John R. Russell IV
Donald Trump may have run a raw, no-holds-barred campaign, but as the reality of becoming President sinks in, a more complex picture is appearing, according to John Russell, a DC-based Republican lobbyist. "When the Secret Service says 'Mr. President-elect come with me' the weight of the world is now on your shoulders." Russell told a LAWAC Global Café Breakfast meeting on Friday November 18th that "there will be a definite rightward shift." At the same time, Trump is also listening to those around him who are trying to shore up relations with the Congress - "Because they will need Congress going forwards." What remains to be seen is how this balancing act works.
Russell, who is a principal in the DC-based law firm Dentons, said it was no coincidence that Reince Priebus - a GOP establishment figure who is close to Paul Ryan and Scott Walker - was appointed chief of staff at the same time as Steve Bannon - who ran the far right website Breitbart. Bannon, "who is an unknown in Washington and has been on a jihad against many in the establishment" will be used to keep up the pressure for draining the so-called swamp in DC. "Breitbart seems to be what will be used to hold GOP lawmakers to account," said Russell.
As for the supposed disarray in the Trump transition team, Russell says that is common for first-term presidents. "Transition teams go from 0 to 6,000 miles an hour in an instant - they are bumpy because all of a sudden you are moving from the campaign world to the policy world."
In discussion with John Russell IV
Russell said the most important people in that team include Trump's family, former FEC chairman Don McGahn, vice-presidential pick Mike Pence and campaign manager Kellyanne Conway. "I would put his family in one box. They say that children are a reflection of the parents, and those kids are unbelievable.... The children and the family matter. ... Don McGahn is a name you are going to hear more and more. He was their campaign attorney. He was instrumental to implementing the five-year ban on lobbying... Mike Pence matters. He is the stabilizing force, and he is perceived by those on the inside and those on the outside as the bridge between the Trump team and the rest of government.... And never count out Kellyanne Conway. She was the one that certainly tapped into this incredible dissatisfaction with congress. The president has her ears. People may say that the glass ceiling wasn't broken on election night, but one was broken: Kellyanne is the first woman to win an election campaign."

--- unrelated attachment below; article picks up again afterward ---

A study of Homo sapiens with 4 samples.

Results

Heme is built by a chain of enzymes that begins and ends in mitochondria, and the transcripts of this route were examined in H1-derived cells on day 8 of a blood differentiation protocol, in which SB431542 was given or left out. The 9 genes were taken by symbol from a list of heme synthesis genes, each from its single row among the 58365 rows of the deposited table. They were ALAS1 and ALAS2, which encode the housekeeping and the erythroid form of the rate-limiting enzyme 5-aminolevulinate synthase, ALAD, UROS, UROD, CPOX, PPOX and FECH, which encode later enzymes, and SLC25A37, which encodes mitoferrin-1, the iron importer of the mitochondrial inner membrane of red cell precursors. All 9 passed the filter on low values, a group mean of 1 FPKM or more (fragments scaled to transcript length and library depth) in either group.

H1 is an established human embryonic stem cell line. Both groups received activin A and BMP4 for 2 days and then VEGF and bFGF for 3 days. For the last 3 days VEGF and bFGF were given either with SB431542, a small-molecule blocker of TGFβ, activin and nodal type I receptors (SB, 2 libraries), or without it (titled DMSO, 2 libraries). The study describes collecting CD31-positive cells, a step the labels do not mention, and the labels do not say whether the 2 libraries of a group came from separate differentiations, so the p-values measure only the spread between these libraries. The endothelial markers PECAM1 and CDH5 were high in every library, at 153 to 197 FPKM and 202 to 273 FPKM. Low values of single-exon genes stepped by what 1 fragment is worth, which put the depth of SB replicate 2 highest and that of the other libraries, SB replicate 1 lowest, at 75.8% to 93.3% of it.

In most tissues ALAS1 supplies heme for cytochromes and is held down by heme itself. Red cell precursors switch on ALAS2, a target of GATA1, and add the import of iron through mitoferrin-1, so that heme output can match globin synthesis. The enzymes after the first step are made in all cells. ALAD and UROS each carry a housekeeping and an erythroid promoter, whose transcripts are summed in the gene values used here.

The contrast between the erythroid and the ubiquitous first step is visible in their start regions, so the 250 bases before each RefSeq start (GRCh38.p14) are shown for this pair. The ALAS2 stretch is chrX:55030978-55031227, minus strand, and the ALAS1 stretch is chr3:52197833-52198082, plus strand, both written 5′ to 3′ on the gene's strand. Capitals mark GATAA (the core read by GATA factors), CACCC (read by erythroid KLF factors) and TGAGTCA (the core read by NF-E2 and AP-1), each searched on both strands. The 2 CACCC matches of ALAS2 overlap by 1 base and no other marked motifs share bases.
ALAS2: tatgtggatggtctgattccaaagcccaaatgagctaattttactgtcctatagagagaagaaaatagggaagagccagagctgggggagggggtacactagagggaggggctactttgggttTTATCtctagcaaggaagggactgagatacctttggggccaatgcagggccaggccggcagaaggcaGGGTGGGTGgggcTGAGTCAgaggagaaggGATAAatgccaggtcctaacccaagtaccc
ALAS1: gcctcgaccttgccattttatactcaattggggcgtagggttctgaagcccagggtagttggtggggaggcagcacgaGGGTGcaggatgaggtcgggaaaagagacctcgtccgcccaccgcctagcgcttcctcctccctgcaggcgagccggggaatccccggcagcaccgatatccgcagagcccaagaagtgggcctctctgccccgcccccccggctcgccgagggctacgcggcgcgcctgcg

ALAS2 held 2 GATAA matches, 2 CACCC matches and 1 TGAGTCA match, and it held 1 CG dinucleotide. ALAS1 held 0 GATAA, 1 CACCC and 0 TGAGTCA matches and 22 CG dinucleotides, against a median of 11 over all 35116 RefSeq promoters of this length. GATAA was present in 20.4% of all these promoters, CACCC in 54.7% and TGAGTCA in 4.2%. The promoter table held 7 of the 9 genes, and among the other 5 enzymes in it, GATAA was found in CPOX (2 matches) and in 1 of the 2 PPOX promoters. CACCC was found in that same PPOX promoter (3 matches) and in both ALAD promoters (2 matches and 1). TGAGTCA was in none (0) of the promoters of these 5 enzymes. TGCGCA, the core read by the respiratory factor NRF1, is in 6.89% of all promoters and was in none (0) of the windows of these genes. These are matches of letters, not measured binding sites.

The announcements of General (Ret.) Mike Flynn as national security adviser, Kansas Congressman Mike Pompeo as proposed head of the CIA and Alabama Senator Jeff Sessions as proposed Attorney General all had two things in common: "it shows early adopters are going to be rewarded," as all supported Trump from the early days of his campaign. And it shows the people around Trump so far "are a law and order type gang." But the broader contours of his foreign policy are still unclear, with - as of this writing - no announcement on the Secretaries of State and Defense. "Clearly, those in Washington and certainly those in the foreign policy world are holding their breath at the moment. They are waiting to see who is chosen. This is going to be one that we are all watching carefully because the worst case scenario is going to be devastating."
Russell expects that Trump will move to scrap or change the Iran nuclear deal "because many in Congress hate it, and his supporters want a strong American response." He also expects that Trump will reach out to Russian President Putin to do a deal on Syria. "The interaction with Putin is going to be interesting because dealing with Syrian President Assad requires Russian and American cooperation. I think that's where I am watching really closely to see what happens. I'm actually looking more closely at that than whether we pull out of NAFTA."
Asked about turning down the hateful rhetoric of the campaign, Russell said: "The president-elect has talked about binding the wounds, and he is going to have to back that up. And we as Americans have to hold him accountable to that. There is a palpable fear around the country about what happens next."
Asked about how Trump will address concerns about human rights, Russell said there is a hard line within the Republican party, represented by figures like former ambassador to the UN John Bolton - but it is unclear if Trump would propose him for Secretary of State, as has been rumored. "Here is what I believe. I don't think Donald Trump is a Buckley republican. I don't know if Donald Trump is a republican at all. I don't know where Donald Trump's heart truly is in all of this...At the end of the day, for some of these appointments, you are going to need 60 in the senate. You get a few passes but you don't get to put an entire ideology in your cabinet."
Russell said that Trump will likely continue with his direct appeal to the crowds, as well as his Twitter habit: "I think you are going to see a Donald Trump victory tour soon. I think you are going to see Donald Trump as a cheerleader. Mike Pence is the worker bee."
As for the many Republicans who disavowed Trump, Russell said it is only to be expected that some will reverse their positions now Trump has been elected - and not all are simple opportunists. "There are those who have walked away from Trump, but when you are presented with an opportunity to serve your country, a lot of people, democrat or republican, would say yes... If you live in Washington, often there are people who have cut you. But you are never let down by the American people. That is how a lot of people are justifying it [supporting Trump.] They do it because it is public service." As the saying goes, "there is no crying in politics."